Managers find an informal chat with a colleague is by far the most frequent and effective learning activity according to a new report.

‘How managers learn (in their own words),’ commissioned by online toolkit provider GoodPractice, questioned over 200 leaders and managers about how they assimilate information. Surprisingly, 82% will consult a colleague at least once a month and 83% say it is either very or fairly effective as a means of helping them perform their role when faced with an unfamiliar challenge.

What’s more, “55% of managers will use trial and error at least once a month, and 62% say that this is a very or fairly effective way to perform,” says the report.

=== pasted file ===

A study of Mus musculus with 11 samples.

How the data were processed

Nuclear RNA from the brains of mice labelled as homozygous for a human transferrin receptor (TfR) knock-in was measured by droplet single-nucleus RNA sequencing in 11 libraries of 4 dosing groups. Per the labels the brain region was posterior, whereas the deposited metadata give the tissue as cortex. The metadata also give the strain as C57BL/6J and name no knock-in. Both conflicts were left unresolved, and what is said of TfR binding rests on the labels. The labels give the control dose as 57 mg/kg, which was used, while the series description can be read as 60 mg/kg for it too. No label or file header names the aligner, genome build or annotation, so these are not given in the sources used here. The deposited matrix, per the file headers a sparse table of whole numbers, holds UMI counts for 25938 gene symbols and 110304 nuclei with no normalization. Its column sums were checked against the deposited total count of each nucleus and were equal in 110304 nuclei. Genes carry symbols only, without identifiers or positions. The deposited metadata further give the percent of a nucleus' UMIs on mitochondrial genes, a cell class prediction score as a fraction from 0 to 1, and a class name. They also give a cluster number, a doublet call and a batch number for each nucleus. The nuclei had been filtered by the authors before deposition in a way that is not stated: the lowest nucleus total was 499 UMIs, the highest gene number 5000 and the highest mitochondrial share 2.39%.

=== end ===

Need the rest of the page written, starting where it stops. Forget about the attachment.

Commenting on the survey, Peter Casebow, CEO said: “It’s vital that L&D listen to managers. Managers influence a team’s success more than anything else and we know from this survey that 71% of managers lead training activities for their teams. It’s therefore crucial that L&D understand how managers learn and what they perceive as being effective. How else can you truly support them as they try to improve their performance and that of their team?”

Other findings include the need to bring more informal learning into the workplace, while almost 75% of managers say they feel unsupported when having to lead training activities. In addition the generation gap is also an issue with managers stating that significant differences in their learning habits need to be taking into consideration when developing learning solutions.